Volunteers Assist Military Bases, Tour Israel on New Programs


“Every minute of it is just a thrill. You have to know how that feels to appreciate it,” said Stein, who works as the Philadelphia regional co-manager for Volunteers For Israel (VFI). “But for someone who wasn’t allowed to get her hands dirty as she grew up — don’t touch anything dirty; that’s for guys — to be able to get down into a pit with dirt and just love every minute, it’s a thrill.”

That was her first experience with VFI, a program that organizes volunteers from all over the world.


Now, VFI sends volunteers to military bases, where they assist with tasks such as folding uniforms, cleaning weapons and packaging medical supplies. VFI has sent volunteers for 36 years, and this April the organization will start a new program, VFI Plus Advanced.

The volunteers, who differ in age and religion, do not learn what or where their assignment is until they arrive, though the VFI groups do stick together. The work they do cuts down on the soldiers’ workloads so they often can return home in time for dinner.

VFI Plus, which began three years ago, offers a touring component to the trip, in addition to volunteering.

While VFI Plus takes travelers to the more usual tourist destinations, such as Masada and the Golan Heights, VFI Plus Advanced is tailored to volunteers who are more familiar with the country and want to see places they’ve never been to before, such as the Negev Crater and Akko. VFI Program Manager Steve Plotkin said eight people have already signed up for the VFI Plus Advanced program.

The first time Stein went to Israel, she went reluctantly on a tour with her husband, mother and her mother’s friend in 1991. At the time, she did not want to spend her vacation in Israel. But everything changed when she got there.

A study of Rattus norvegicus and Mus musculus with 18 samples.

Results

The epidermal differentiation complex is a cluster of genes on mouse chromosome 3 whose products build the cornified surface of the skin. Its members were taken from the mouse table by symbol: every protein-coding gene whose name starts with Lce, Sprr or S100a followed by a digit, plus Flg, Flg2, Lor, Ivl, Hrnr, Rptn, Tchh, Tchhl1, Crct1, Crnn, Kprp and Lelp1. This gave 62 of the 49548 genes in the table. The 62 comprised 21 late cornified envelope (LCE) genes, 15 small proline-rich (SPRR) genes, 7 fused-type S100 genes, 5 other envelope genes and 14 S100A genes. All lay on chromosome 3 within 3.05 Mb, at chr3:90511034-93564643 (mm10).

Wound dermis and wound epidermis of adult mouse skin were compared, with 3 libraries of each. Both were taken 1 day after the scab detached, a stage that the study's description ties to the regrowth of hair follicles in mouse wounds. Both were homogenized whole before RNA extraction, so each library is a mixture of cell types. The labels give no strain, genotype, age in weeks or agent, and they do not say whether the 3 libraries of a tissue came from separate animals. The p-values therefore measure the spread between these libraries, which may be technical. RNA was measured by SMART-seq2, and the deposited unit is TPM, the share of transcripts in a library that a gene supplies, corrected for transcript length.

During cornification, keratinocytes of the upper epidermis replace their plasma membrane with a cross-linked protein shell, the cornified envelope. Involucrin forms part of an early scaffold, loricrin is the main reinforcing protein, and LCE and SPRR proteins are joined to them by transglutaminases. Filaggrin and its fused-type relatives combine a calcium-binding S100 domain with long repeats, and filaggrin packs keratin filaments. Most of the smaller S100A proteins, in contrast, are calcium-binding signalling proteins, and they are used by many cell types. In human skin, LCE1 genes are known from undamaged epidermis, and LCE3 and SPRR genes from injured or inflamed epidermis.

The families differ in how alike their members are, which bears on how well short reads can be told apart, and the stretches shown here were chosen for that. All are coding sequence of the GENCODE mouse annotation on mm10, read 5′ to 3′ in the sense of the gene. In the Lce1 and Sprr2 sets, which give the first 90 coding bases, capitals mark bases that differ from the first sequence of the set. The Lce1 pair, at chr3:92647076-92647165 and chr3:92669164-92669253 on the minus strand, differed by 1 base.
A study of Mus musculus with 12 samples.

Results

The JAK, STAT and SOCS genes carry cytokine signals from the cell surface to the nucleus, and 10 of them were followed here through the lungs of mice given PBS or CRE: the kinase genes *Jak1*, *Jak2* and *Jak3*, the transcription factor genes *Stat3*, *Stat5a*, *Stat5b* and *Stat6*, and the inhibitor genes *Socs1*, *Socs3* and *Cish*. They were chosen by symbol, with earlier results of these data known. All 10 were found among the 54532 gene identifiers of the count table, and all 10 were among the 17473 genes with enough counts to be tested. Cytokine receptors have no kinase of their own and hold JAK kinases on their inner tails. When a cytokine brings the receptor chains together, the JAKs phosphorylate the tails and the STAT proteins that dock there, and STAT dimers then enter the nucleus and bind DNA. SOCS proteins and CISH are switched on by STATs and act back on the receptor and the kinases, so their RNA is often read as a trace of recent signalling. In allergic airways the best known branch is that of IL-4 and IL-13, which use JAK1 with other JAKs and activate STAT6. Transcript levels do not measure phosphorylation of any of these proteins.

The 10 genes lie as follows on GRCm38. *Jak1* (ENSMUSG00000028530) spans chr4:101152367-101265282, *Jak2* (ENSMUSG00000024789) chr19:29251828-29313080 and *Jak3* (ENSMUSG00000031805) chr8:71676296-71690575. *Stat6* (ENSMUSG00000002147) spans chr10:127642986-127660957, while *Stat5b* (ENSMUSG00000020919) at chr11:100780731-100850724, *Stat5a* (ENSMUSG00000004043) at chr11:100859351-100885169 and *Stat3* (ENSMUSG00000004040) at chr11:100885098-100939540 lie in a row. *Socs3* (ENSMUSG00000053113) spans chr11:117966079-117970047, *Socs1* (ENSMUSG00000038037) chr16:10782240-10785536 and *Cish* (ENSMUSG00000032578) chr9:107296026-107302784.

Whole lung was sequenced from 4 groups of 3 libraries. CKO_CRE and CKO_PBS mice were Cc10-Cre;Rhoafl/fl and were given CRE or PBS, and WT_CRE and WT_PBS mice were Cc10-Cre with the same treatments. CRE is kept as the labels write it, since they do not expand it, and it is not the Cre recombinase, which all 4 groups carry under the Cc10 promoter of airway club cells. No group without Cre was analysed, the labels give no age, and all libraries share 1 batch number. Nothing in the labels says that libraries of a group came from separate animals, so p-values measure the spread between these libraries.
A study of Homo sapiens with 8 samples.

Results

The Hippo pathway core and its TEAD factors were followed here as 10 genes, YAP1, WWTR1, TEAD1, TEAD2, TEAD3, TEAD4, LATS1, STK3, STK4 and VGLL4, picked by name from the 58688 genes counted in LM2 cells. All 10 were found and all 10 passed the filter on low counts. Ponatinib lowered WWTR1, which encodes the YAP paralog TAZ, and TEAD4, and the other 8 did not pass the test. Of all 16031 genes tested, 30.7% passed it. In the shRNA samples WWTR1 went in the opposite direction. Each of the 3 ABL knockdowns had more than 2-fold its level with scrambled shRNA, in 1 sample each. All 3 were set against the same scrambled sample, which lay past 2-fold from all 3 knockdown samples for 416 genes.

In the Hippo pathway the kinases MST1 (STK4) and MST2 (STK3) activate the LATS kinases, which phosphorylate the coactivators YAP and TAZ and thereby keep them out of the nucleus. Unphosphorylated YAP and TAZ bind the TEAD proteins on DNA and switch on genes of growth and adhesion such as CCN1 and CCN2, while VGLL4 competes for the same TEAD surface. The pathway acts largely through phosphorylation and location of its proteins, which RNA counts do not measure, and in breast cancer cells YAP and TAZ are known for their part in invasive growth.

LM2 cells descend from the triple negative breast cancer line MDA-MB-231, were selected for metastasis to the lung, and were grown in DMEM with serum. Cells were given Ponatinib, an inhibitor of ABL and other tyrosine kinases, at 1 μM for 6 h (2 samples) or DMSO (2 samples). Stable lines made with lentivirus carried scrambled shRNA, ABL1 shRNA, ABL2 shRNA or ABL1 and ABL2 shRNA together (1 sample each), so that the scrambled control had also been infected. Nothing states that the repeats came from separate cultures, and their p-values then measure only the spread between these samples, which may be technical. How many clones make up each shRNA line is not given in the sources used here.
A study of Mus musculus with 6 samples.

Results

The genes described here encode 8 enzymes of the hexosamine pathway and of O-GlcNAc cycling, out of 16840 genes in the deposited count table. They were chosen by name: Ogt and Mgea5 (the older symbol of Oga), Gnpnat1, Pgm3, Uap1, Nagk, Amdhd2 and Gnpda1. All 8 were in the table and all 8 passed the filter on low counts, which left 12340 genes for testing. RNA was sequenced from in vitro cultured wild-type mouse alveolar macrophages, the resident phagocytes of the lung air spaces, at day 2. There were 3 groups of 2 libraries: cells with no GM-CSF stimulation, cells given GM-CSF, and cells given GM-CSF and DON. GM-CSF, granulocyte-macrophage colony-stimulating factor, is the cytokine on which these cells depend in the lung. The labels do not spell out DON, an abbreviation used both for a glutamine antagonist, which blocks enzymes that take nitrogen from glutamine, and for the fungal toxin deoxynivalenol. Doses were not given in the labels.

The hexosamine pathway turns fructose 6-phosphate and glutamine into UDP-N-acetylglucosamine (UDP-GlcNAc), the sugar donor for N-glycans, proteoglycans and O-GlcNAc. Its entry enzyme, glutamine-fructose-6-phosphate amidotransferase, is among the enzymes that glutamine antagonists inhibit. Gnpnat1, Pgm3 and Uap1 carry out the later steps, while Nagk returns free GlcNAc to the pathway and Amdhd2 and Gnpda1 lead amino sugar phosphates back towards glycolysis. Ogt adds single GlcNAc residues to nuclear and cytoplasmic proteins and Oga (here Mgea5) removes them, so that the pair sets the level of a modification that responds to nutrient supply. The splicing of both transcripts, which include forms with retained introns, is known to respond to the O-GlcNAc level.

“I was just literally hit by what I heard and saw and felt, and when I came home, I felt like I had to go back as soon as possible, but I didn’t want to be a tourist,” she said. “I wanted to see Israel at a different level and from a different perspective.”

She came across a VFI advertisement in the Jewish Exponent and returned to Israel in a different capacity than before, helping dig. She went back to Israel with VFI another four times.

“This program is for anyone seeking a sweat-equity stake in the security of Israel,” Plotkin said.

While weekdays on the VFI program are packed with helping out on military bases, volunteers have free time on the weekends to explore the country. But volunteers who have less experience with foreign traveling had some difficulty getting around, Plotkin said.

This led VFI to decide to create the VFI Plus program, which combines the program’s nine days of volunteering with eight days of touring with a professional Israeli guide, private bus and driver.

“The beauty of this program is that it lets people do their volunteer service, if they’re inclined to do that, and get the benefit of all this touring,” Plotkin said.

Some volunteers expressed that they had already gone to many of the places the VFI Plus tour took them to, which led to the creation of the VFI Plus Advanced program as well.

“We basically tour pretty intensively,” Plotkin said. “It’s not one of these ‘go to the beach and rest on the sand’ kind of things. We’re moving all the time.”

Larry Herscher, an attorney in Miami who went on the VFI Plus program last October, said the trip intrigued him as soon as he found it online. His wife, Ilene,  who also works as an attorney, was hesitant to go at first, though Larry eventually convinced her.

“The touring is really what made us go,” he said.

When the two arrived, they learned they would be stationed at a medical base. Ilene Herscher worked sterilizing and packaging medical supplies, while Larry Herscher did more heavy lifting.

In the end, Ilene Herscher said she liked the trip. In particular, the other volunteers made the trip enjoyable for her.

“They do tell you the conditions are spartan [on the military bases],” Larry Herscher said. “This trip is not for everybody. You’re warned about it, and they were right. It was exactly as described, but you feel like you’re doing rewarding work, so you don’t mind.”